As impressive as the performance by the Green Bay offensive line was, the Packers’ pass rush may have been even better.
The competition was not great, but seeing this rush go off in the manner they did was a sight to behold. It becomes even more stunning when you consider the massive problems being experienced in the secondary.
Without Sam Shields and Damarious Randall, the team had only an unappealing group consisting of Quinten Rollins, LaDarius Gunter, Micah Hyde, and Josh Hawkins to take snaps at cornerback; at safety they did get Morgan Burnett back from injury, but lost Chris Banjo midway through the contest.
Despite the myriad of problems back there — as well as the litany of first-rate receiving talents New York had to attack with — the Giants only picked up 199 yards through the air and a single (basically) garbage-time TD pass.
The added 5 QB hits as well (3 by Perry, 1 each by Fackrell and Matthews), and forced a fumble (recovered by the Packers; it turned a likely Giants score following a Rodgers INT into a field goal to put them up 17-6 at halftime).
The tackles for the Giants were especially brutal. Per PFF, LT Ereck Flowers allowed as many pressures on his own as the entire Packers offensive line did (7) in 11 less dropbacks. RT Bobby Hart wasn’t much better, allowing a sack, two QB hits, and four pressures.
This wasn’t only on those guys, however; on nearly half of the Giants’ dropbacks (17 of 39), Green Bay successfully applied pressure. Eli Manning completed just 6 of 14 passes in those situations, garnering only 63 yards.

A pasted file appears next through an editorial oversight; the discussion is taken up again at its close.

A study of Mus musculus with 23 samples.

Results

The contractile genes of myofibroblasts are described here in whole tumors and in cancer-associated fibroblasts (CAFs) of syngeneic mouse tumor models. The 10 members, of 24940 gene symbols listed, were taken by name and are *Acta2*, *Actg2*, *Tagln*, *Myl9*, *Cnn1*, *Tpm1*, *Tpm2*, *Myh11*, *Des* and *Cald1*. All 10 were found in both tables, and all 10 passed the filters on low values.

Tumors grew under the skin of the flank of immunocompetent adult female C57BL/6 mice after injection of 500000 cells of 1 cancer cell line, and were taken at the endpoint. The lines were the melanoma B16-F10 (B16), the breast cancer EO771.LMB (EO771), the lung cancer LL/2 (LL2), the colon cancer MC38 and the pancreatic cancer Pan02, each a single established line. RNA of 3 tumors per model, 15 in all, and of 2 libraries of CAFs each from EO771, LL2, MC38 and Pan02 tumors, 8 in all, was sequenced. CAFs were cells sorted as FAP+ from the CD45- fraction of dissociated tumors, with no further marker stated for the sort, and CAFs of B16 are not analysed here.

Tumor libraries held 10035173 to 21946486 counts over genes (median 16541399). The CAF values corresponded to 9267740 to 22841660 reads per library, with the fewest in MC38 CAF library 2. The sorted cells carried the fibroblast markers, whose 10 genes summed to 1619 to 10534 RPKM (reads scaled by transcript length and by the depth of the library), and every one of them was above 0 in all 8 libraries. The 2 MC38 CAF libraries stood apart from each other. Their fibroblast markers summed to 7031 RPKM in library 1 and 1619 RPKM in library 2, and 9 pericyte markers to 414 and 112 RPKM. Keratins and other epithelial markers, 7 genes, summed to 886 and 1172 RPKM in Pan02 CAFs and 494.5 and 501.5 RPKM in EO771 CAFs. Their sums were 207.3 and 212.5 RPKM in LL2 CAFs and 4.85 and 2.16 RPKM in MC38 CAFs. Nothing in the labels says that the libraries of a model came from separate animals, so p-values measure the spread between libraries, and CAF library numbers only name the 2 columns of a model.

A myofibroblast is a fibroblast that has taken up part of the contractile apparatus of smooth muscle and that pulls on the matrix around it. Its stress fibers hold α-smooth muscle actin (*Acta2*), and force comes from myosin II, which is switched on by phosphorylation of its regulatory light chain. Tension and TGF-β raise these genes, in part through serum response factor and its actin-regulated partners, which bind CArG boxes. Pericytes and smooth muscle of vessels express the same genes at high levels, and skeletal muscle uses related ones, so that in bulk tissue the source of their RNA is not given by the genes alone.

He did get his TD pass on one (a pretty close call, with Odell Beckham Jr. making not only an incredible catch but managing to prevent his heel from touching him down out of bounds in the process), but he also experienced all three of his sacks across those plays.
The guys who stood out the most on the night for Green Bay were guys most wouldn’t have expected prior to this year but continue to prove doubters wrong in 2016.
Perry was a consummate bust in his first four years, rarely able to stay on the field, much less contribute; now, he is PFF’s #4 overall edge defender, sitting behind only Von Miller in terms of his pass rushing grade.
He was the second-highest graded defender for the Packers on Sunday (#1 is coming up), putting up six pressures (bringing his total to 22 on the year) to go with his sack and three QB hits.
The #1 graded defender was Fackrell.
In addition to his sack and forced fumble he also added a QB hit and a hurry, and he did all this in just 12 total pass rushing chances.
That is pure insanity.
With Perry, Matthews, and Julius Peppers all ahead of him it will be difficult to get him more snaps, but his production undeniably deserves a larger role going forward.
With their continued excellent play against the run (171 yards allowed on 86 carries through 4 games — a 2.0 yards per carry average — and the #2 Rush Defense DVOA per Football Outsiders), this deadly-effective pass rush makes this one of the best defenses the league has to offer even with a maligned secondary; if their young guys on the back end manage to find some semblance of their 2015 form, the league better watch out.